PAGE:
Jeff Schweitzer heralded the discovery of an apparent Earth-like planet as a nail in the coffin for religion in a Thursday item on Huffington Post. Schweitzer, a scientist, "rationalist," and former Clinton administration senior policy analyst contended that "with this discovery, we come ever closer to the idea that life is common in the universe," and added that religions would "all will come out and say such a discovery is completely consistent with religious teachings. My goal here is to declare this as nonsense before it happens."
The Huffington Post contributor led his article, "Earth 2.0: Bad News for God," by asserting that "the discovery of Kepler-452b is not likely to see the public swoon with a collective rendition of Kumbaya. But this Earth 2.0 is a huge if under-appreciated discovery, not because Kepler-452b is unique but for just the opposite reason; there are likely thousands or millions or even billions of such earth-like planets in the universe." Schweitzer continued with his "we come ever closer to the idea that life is common in the universe" line and predicted that if life was discovered outside of Earth, it would prompt a "re-write of history on the part of the world's major religions."
After dropping his "nonsense" label of such a "re-write," the former Clinton administration official unsurprisingly singled out the creation narrative from the Book of Genesis for scrutiny:
Let us be clear that the Bible is unambiguous about creation: the earth is the center of the universe, only humans were made in the image of god, and all life was created in six days. All life in all the heavens. In six days. So when we discover that life exists or existed elsewhere in our solar system or on a planet orbiting another star in the Milky Way, or in a planetary system in another galaxy, we will see a huge effort to square that circle with amazing twists of logic and contorted justifications. But do not buy the inevitable historical edits: life on another planet is completely incompatible with religious tradition. Any other conclusion is nothing but ex-post facto rationalization to preserve the myth....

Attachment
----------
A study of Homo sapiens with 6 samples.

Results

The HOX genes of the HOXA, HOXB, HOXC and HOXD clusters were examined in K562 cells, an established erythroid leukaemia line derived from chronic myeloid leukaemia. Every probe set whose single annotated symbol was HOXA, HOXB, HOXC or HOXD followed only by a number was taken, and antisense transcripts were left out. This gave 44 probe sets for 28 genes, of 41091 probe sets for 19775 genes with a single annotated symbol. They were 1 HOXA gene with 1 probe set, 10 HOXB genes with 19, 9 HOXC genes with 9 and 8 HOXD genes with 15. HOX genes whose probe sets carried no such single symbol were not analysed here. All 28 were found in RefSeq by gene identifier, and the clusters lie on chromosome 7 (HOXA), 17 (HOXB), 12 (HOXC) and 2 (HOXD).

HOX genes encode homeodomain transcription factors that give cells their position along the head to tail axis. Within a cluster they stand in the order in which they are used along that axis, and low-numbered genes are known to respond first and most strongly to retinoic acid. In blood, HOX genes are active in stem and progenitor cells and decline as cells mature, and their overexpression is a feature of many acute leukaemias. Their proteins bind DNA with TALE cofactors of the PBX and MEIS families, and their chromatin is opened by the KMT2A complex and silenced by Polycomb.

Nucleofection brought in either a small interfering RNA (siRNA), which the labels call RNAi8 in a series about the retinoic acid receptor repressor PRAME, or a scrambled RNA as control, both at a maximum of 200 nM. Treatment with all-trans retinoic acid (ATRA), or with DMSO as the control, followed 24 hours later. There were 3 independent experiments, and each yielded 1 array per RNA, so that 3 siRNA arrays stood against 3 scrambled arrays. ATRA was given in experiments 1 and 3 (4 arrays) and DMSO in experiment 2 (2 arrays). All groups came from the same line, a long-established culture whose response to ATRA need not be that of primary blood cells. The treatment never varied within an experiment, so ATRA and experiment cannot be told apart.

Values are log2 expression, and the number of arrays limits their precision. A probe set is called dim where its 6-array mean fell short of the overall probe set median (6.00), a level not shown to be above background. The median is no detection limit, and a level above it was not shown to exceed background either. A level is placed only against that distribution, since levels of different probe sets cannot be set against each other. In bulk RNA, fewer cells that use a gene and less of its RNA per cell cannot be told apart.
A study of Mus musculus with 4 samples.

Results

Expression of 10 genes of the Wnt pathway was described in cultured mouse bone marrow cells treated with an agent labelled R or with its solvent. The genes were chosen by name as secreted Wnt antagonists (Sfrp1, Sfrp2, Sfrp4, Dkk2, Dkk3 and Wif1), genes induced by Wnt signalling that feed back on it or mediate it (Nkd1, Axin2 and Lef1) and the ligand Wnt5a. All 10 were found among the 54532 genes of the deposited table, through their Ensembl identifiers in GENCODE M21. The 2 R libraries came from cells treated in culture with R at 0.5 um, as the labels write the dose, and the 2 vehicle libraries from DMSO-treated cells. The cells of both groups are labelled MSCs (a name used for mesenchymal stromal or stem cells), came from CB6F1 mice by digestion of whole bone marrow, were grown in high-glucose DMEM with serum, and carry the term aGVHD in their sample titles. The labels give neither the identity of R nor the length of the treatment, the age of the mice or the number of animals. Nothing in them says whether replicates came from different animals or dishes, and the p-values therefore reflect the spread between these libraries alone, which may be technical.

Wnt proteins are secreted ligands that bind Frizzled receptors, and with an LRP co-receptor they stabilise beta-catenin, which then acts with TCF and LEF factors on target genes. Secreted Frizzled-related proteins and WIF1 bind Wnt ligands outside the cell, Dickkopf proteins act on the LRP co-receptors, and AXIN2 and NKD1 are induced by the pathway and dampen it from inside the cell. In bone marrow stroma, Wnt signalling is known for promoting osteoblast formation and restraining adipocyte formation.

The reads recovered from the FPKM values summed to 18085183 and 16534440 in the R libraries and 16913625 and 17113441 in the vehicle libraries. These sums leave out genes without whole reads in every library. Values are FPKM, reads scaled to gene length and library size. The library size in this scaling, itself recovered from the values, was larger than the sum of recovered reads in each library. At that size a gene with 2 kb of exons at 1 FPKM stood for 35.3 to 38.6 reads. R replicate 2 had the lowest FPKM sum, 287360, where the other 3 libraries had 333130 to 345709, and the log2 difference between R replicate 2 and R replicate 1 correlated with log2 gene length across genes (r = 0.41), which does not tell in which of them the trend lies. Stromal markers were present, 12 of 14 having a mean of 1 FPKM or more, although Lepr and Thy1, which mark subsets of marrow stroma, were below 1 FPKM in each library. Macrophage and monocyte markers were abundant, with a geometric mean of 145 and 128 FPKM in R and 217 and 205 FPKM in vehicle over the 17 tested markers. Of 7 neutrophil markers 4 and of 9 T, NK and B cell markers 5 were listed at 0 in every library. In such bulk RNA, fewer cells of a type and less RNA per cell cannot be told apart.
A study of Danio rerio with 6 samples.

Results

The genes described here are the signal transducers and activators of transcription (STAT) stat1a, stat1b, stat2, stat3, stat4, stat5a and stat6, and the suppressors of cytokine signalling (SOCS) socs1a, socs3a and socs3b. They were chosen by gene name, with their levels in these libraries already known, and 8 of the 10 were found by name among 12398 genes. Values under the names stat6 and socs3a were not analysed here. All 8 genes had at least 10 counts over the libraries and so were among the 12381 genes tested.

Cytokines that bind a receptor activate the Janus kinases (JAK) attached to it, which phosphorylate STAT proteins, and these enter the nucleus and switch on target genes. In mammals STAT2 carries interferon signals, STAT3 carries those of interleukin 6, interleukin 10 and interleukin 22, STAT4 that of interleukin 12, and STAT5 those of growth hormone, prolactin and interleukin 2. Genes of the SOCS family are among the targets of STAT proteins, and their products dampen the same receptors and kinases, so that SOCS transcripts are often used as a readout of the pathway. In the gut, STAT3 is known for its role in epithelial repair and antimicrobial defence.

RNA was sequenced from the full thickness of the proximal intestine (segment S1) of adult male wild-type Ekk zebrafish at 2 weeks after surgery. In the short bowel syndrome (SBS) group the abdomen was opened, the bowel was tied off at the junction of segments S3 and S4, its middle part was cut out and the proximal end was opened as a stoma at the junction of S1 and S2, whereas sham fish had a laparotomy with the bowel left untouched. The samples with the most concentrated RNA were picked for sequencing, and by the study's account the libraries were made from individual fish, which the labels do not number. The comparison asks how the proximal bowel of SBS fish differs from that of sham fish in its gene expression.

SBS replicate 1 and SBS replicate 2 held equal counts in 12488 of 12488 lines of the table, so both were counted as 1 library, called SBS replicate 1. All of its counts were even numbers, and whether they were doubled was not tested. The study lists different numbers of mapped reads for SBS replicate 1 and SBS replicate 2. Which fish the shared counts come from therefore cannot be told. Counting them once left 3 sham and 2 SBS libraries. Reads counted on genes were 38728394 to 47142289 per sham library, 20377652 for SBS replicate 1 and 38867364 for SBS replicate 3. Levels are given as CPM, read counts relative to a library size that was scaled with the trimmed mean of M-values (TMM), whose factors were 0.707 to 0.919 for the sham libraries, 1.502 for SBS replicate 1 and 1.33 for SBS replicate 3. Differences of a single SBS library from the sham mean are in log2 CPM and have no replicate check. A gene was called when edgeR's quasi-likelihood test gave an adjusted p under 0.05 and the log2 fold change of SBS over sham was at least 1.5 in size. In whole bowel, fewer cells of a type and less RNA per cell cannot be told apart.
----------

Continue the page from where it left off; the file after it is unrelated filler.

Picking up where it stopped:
Nothing in [Genesis] mentions alien worlds, which of course the ancients knew nothing about. Man was told to rule over the fish on the earth, not on other planets. But god would have known of these alien worlds, so it is curious he did not instruct the authors to include the language....
We are also told in unambiguous terms that all life was created in six days....we learn that all life, in all the heavens, was complete, and all found on earth and on earth alone....There is no modifier like "every fowl of the air, that is, on earth but excluding life on the planet Zenxalaxu."....Let us be perfectly clear that this leaves no room for alien life in this creation story. The discovery of alien life would therefore undermine the entire saga.
Schweitzer also predictably cited the trial of Galileo, and underlined that "none of the 66 books of the bible make any reference to life other than that created by god here on earth in that six-day period." (Of course, he glosses over the difference between Catholicism and Protestantism on the numbers of books in the Bible. The Catholic Church teaches there are 73 books in the Bible.) He continued that "if we discover life elsewhere, one must admit that is an oversight. So much so in fact that such a discovery must to all but the most closed minds call into question the entire story of creation, and anything that follows from that story. How could a convincing story of life's creation leave out life? Even if the story is meant to be allegorical, the omission of life elsewhere makes no sense."
The Huffington Post writer concluded that "none of this will matter upon life's discovery elsewhere. Religious leaders will simply declare that such life is fully compatible with, in fact predicted by, the Bible. Just like they eventually swept under the rug being wrong about earth's position in the heavens. Or evolution. They will create contorted justifications to support this view, cite a few passages of the bible that could mean anything, and declare victory. Don't say I did not warn you."
For a "rationalist," Schweitzer is certainly taking a leap of faith in his confidence that life will indeed be found outside of Earth. Also, it should be pointed out that scientific community is divided on the question of whether life could be common in the universe. Proponents of the "rare Earth" hypothesis argue that beyond simple forms of life, it would require several factors, such as a relatively-stable star being located in a favorable type of galaxy, to converge – the probability of which is infinitesimally small.